There were very few surprises in the operating budget the Alaska Legislature passed Monday, including a cut of $38 million to the Alaska Marine Highway System.
Sen. Bert Stedman, R-Sitka, said on the Senate floor that the cut to the ferry system amounts to $38 million from the current fiscal year’s budget, less than the $44 million in cuts the Senate Finance Committee proposed earlier this session.
According to Legislative Finance Division statistics, funding for the system in this fiscal year is $180.1 million, and the conference committee’s budget for this coming fiscal year is $142.2 million.
Dunleavy’s budget proposed totally cutting funding to the ferry system starting Oct. 1 of this year, and proposing a $98 million overall cut in the system for the fiscal year.
Southeast Conference Executive Director Robert Venables said in an interview Tuesday that there’s a feeling that the ferry cuts could have been much worse.
“Our disappointment is tempered by the alternative that was presented in February by the governor,” Venables said. “How do you get excited about that ($38 million) number? You compare it to zero.”
Dunleavy can still veto parts of the Legislature’s budget, so there’s still a possibility Dunleavy rejects the Legislature’s AMHS funding.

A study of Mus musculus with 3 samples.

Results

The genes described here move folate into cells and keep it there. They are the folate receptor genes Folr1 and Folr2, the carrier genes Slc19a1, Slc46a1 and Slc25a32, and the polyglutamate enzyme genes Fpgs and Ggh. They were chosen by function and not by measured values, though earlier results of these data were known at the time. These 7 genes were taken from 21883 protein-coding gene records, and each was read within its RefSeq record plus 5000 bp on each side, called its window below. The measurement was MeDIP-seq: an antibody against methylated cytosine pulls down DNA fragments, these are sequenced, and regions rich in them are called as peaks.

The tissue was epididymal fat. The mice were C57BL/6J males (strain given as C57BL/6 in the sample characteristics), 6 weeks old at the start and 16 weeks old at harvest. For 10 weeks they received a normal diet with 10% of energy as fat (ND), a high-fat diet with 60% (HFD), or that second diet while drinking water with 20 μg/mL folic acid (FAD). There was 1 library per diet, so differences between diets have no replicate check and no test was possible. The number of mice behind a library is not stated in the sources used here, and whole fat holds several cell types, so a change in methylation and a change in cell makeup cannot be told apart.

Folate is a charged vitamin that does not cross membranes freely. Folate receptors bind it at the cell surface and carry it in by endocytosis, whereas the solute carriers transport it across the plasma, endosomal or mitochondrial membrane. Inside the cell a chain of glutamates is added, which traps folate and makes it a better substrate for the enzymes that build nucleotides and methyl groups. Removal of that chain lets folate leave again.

In a quest to dramatically curb state spending, Dunleavy and those in his administration have identified the AMHS as an inefficient system that is costing the state too much money.
Venables said in an interview Tuesday that it’s hard to predict just what those impacts will be without knowing what the ferry schedule will be this offseason. The Department of Transportation and Public Facilities is tasked with putting together a schedule before the drop in funding takes effect Oct. 1.
“They’re the agency that will be given the budget number, so they have to figure out how to survive the year on that number,” Venables said. “I know they’re already working on scenarios, and the Marine Transportation Advisory Board will schedule a meeting in the near future.”
The cuts will undoubtedly result in a drop in service, state officials and experts have said.
Mary Siroky, the DOT&PF deputy director, told the Empire recently that the ferry runs that bring in the most money would get the most service this winter. The most lucrative runs are the ones from Bellingham, Washington, she said. The runs to villages including Angoon or Hoonah are not as profitable, she said.
The state has contracted with Northern Economics to do a study into the best way to move forward with the ferry system. The other bidder, MAP Consulting LLC, submitted a lower bid but was passed over, the Associated Press reported earlier this year. MAP Consulting is challenging the bid, according to the report.
There have been numerous studies over the years on making the ferry system more efficient, including a current AMHS Reform Project that has considered solutions in the past two and a half years including running the highway system as a public corporation.
Southeast Conference has been conducting that reform study, and Venables said the process of taking money away and then figuring out what to do with that money seems backwards.
“In my perfect world,” Venables said, “you would look for the plan first, and then cuts.”
• Contact reporter Alex McCarthy at firstname.lastname@example.org. Follow him on Twitter at @akmccarthy.